Wood burns in two distinctly different stages. The first, and most obvious, is the burning of gasses produced when wood is heated. Wood begins to gasify at about 500°F. The second is the burning of the charcoal. This happens, for the most part, after the materials that form the gasses have been driven out of the wood. The coals in your ash pit serve to provide some heat to the kiln and to gasify the freshly stoked wood, mostly through radiant heat energy. As the gasses burn in a wood kiln, they typically produce very long flames. These flames can be easily over 30 feet long. Charcoal produces very hot, but very short, flames. The flame from charcoal is normally less than a few inches long.

All of these issues are relevant to building and firing any wood-burning kiln.One of the demonstrations I take my students through when we begin talking about kiln design is to bring an oxygen-acetylene torch into the classroom. If the torch is ignited with only acetylene (fuel), it produces a very long, very dirty flame.

 

One can quickly pass his or her hand through this flame without any real danger, but it will be covered with black soot. As oxygen is added, the flame shortens and becomes significantly hotter. As the flame shortens with the changing oxygen-fuel ratio, smaller flame tips appear in the center of the flame. This is the place where the flame is the hottest.

 

The more defined the tips are, the hotter the flame. You want this part of the flame in the firing chamber of a kiln, not in the firebox or the flue. If you have a small kiln and a fuel that develops a long flame, you need to either redesign your kiln to use the length of the flame, or simply shorten the flame to bring the hottest part of the fire back into the chamber where the pots are stacked.

 

As with the acetylene example, the easiest way to shorten the flame and make it hotter is to add oxygen. If you have electricity at the kiln site, adding a blower is one of the easiest and most controllable ways of adding oxygen. A small squirrel-cage fan that will deliver about 100 cubic feet of air per minute will supply all the air you will need to fire a small kiln. You can fabricate a bolt-on connector to attach the pipe to the blower, or duct tape a piece of automotive tail pipe to the blower.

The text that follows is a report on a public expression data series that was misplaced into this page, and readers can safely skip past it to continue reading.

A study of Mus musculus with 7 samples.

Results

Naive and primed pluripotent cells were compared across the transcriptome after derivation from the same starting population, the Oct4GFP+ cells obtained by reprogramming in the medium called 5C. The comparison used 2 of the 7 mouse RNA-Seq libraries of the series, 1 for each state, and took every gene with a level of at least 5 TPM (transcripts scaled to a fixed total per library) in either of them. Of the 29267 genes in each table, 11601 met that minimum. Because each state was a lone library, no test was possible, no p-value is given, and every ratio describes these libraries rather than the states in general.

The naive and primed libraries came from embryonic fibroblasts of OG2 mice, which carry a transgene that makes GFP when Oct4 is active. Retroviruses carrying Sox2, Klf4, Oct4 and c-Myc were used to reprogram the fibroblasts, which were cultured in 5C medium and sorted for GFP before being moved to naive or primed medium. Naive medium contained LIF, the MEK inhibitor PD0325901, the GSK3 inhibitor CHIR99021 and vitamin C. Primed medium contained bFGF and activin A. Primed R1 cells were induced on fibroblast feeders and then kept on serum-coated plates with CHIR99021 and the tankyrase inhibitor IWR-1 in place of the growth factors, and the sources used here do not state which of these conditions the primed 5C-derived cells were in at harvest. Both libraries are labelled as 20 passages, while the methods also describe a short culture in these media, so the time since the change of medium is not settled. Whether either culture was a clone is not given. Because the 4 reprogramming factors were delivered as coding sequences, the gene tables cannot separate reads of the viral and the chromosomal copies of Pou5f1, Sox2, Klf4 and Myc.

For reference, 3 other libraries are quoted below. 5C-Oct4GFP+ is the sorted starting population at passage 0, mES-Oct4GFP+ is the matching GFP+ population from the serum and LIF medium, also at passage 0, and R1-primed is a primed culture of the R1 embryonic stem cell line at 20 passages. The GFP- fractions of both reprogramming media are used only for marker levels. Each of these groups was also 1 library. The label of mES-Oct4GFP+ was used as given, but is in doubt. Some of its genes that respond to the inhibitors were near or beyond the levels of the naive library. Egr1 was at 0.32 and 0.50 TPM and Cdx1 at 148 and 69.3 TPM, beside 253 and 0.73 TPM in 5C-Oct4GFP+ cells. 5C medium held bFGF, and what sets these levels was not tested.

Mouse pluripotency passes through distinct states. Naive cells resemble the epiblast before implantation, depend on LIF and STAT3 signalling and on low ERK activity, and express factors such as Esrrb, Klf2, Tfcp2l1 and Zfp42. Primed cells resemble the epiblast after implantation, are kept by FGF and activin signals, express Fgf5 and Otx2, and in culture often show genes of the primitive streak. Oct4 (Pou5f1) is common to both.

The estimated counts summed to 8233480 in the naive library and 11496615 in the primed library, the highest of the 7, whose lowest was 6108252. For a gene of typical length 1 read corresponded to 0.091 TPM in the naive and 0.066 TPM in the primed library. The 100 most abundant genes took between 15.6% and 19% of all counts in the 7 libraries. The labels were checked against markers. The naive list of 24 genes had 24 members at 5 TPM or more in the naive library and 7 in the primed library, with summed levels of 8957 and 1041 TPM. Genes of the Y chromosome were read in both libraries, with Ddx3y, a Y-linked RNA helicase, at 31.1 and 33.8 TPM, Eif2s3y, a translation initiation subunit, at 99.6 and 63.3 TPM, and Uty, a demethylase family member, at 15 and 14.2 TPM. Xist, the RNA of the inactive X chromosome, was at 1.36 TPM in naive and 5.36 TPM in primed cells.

This post is an excerpt from Wood Kiln Firing Techniques and Tips: Inspiration and Information for Making a Wood-Fired Kiln and Firing with Wood, which is free to Ceramic Arts Daily subscribers!

 


 

You should realize that the end of the metal pipe will be subjected to a great deal of heat and will have to be replaced after a number of firings. Place the pipe in the ash pit of your firebox and adjust the air-input damper to the desired air flow. You will finnd that the flame around the blow pipe will be very intense. This system will allow you to fire your kiln with a much smaller firebox than would normally be needed in a natural-draft kiln.

 

The smaller firebox will require more frequent stoking, simply because it will not hold as much fuel as a larger box. Increasing the flue height would be the last choice in a small kiln. If you do this, you must be certain that you have air intake ports and a flue cross section large enough to allow easy circulation of hot gasses.

 

A damper will be essential for control. This will be less responsive than a forced-air system and will vary more due to atmospheric conditions, because it depends on lowered pressure to bring air into the kiln. So, more air shortens the flame and more air increases the temperature of the coal bed to help gasify your fuel more quickly.